By John V. Santore
While boisterous protests targeted Chicago-area Walmarts Friday, a new local union formed in mid-November coordinated a second wave of actions calling for an increase in the minimum wage to $15 per hour, well beyond a gradual statewide increase to $10.55 that may be approved next year.
The Illinois minimum wage is currently $8.25 per hour.
The activities were part of the Workers Organizing Committee of Chicago’s “Fight for 15” campaign. The committee says it already includes employees at more than 100 businesses. After supporting the Walmart rallies, committee members marched down Michigan Avenue and rallied both outside and inside Water Tower Place.
“That’s really hard for me, because I’m paying student loans off, I have other things I have to pay off, I just moved to Chicago,” she said.
Another committee member who asked to be identified only as Nash said he has never made more than $11.91 in 16 years of retail and restaurant work around the country. He works at Jamba Juice.
“Please know, where you spend your money at and you pay an honest dollar to get your products, these people that are working there — to bring that service or product to you — are nowhere near making an honest living wage,” he said.
Stand Up! Chicago, a coalition of local labor groups, helped the committee coordinate Friday’s activities.
Elizabeth Parisian, a policy analyst with the coalition, said she expects reports to be released and further actions to take place in support of the Fight for 15 campaign, but that the course of future events is in the hands of the committee’s leaders.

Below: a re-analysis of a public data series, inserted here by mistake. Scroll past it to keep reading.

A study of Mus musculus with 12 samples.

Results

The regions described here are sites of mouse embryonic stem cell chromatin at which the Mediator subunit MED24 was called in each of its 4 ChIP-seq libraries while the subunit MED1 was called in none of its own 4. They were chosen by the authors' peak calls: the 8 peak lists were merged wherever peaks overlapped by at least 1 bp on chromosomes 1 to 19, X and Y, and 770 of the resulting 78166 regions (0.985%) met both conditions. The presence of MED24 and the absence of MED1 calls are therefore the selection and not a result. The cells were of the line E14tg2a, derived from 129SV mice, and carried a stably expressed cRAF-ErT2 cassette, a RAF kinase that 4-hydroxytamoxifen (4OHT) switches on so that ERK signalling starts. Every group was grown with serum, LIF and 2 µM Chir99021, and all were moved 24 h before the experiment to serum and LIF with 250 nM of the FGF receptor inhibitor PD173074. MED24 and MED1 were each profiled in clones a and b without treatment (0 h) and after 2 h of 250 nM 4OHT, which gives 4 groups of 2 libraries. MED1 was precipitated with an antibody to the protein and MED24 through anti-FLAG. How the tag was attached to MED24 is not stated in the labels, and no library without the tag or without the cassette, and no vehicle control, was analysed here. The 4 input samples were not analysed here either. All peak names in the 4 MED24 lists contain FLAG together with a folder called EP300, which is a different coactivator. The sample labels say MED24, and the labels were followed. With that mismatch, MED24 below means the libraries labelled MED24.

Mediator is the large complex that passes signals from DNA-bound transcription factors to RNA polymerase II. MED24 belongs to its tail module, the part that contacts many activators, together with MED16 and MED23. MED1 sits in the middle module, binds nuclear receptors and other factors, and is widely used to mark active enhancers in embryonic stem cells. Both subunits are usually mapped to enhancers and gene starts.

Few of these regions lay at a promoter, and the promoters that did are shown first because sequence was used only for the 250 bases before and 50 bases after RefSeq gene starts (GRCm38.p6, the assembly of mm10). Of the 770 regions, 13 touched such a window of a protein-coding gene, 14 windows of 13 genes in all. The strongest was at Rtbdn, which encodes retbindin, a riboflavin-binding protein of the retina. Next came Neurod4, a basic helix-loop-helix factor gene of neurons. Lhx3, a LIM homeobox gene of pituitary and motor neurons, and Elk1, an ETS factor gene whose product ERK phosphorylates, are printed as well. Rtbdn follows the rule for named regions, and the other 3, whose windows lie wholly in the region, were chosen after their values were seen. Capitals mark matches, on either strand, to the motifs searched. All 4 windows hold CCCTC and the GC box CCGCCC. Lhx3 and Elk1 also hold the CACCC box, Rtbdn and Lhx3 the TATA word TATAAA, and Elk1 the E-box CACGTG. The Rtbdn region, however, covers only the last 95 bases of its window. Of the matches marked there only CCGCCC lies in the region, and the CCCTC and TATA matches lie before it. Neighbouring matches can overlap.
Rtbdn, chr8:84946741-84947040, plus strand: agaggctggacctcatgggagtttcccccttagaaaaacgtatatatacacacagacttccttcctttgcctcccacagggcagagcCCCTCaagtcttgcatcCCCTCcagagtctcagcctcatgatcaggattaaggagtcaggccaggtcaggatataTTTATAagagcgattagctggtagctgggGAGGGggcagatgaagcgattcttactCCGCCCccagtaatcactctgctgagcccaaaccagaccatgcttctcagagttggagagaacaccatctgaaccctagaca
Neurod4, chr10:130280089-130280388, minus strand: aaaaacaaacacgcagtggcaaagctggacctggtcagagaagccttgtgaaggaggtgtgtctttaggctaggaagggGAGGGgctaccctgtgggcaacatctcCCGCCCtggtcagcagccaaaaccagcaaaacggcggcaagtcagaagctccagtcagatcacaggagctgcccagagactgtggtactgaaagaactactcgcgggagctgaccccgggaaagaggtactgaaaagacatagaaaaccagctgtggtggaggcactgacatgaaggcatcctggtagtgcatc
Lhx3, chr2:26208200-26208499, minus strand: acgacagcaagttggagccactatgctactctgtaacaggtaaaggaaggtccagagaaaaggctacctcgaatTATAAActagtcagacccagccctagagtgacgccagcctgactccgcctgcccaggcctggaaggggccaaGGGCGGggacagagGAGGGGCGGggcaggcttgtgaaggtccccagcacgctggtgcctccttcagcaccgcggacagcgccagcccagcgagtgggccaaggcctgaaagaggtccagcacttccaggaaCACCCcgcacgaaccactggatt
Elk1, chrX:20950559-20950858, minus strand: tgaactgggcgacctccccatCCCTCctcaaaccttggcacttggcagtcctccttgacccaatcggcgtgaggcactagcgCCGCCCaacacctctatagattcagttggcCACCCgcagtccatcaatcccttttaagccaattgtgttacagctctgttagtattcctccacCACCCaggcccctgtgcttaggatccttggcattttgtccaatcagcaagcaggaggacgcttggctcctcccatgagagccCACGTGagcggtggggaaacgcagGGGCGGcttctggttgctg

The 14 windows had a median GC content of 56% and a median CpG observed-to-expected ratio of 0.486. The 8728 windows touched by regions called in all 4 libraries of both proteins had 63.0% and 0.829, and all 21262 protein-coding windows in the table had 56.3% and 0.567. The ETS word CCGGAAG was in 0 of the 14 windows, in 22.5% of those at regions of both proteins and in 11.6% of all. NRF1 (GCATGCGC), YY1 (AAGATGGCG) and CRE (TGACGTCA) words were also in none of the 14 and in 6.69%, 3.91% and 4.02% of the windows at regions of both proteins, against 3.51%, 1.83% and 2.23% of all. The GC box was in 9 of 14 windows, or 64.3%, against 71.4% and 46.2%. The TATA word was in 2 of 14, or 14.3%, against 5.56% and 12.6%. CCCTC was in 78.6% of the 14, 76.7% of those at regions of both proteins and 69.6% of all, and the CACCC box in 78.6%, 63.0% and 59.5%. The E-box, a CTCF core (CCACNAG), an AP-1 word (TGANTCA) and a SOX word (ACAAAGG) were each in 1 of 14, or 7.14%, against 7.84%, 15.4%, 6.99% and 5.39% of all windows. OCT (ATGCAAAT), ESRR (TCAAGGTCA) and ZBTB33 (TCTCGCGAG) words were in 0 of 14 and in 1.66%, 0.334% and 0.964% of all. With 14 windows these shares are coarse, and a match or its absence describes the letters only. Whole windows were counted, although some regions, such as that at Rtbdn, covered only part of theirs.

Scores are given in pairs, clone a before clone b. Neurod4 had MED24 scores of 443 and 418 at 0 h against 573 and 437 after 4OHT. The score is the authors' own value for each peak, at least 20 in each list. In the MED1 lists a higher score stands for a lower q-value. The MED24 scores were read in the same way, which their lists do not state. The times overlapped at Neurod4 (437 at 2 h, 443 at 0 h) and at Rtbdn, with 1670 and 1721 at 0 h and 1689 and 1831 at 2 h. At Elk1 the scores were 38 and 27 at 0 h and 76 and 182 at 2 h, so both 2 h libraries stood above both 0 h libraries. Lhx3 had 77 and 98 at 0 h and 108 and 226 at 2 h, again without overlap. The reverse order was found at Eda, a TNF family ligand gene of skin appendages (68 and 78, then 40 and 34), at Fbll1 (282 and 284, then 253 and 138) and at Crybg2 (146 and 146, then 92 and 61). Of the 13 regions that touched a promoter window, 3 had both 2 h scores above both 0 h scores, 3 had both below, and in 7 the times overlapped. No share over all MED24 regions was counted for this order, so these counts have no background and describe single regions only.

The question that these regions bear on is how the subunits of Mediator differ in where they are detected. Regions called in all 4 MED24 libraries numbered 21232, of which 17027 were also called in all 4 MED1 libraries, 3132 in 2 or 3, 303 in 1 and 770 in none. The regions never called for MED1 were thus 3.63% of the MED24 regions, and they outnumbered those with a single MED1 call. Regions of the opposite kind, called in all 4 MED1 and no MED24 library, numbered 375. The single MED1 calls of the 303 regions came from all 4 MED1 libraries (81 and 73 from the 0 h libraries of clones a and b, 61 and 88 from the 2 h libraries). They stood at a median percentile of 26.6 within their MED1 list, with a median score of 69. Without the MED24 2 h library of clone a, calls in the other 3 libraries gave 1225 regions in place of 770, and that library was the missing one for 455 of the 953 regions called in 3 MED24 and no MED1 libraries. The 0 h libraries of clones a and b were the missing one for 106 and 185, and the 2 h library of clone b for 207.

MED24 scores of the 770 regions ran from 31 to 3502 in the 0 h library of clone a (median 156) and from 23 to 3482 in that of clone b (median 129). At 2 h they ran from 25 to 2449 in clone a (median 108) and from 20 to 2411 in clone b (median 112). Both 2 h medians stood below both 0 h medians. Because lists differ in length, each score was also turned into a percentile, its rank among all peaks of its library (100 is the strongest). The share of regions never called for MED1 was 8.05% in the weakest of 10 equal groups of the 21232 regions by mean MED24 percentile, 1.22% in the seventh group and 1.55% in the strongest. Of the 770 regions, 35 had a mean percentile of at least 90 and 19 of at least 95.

“I think the workers definitely want to use the holiday shopping season to deliver their message,” she said.
Earlier in the day, Fight for 15 members joined OUR Walmart, an independent group operating in conjunction with established unions, at staged protests at multiple Walmart locations in Chicago. According to organizers, at least 40 Illinois Walmart employees were involved. The retailer operates six locations in the city. Planned expansions have stoked controversy, with critics questioning the chain’s impact on wages and local economic conditions.
“We’re looking for better pay, stop the retaliation when workers try to come together, better benefits,” said Rosetta Brown, a long-time Walmart employee who took Friday off so she could attend the protests. “We’re just asking for respect.”
David Tovar, vice president of Corporate Communications for Walmart, released a Friday statement minimizing the protests’ significance.
“It was proven last night — and again today — that the OUR Walmart group doesn’t speak for the 1.3 million Walmart associates,” he said “We had our best Black Friday ever and OUR Walmart was unable to recruit more than a small number of associates to participate in these made for TV events.”
Parisian dismissed Tovar’s statement.
“These employers recognize that they are not paying their employees what they are worth, what they deserve to earn, and certainly not enough to even get by,” she said. “Obviously they’re going to come out with strongly worded statements about how they’re the good guys and everything’s fine.”
Marc Goumbri, a field organizer with the United Food and Commercial Workers Union who helped coordinate the Walmart protests, also objected to Tovar’s assessment. “The reality is, this was a nationwide movement,” he said. “There were at least a thousand actions that took place.”
According to Walmart, the average hourly full-time employee at the company makes $12.57 per hour.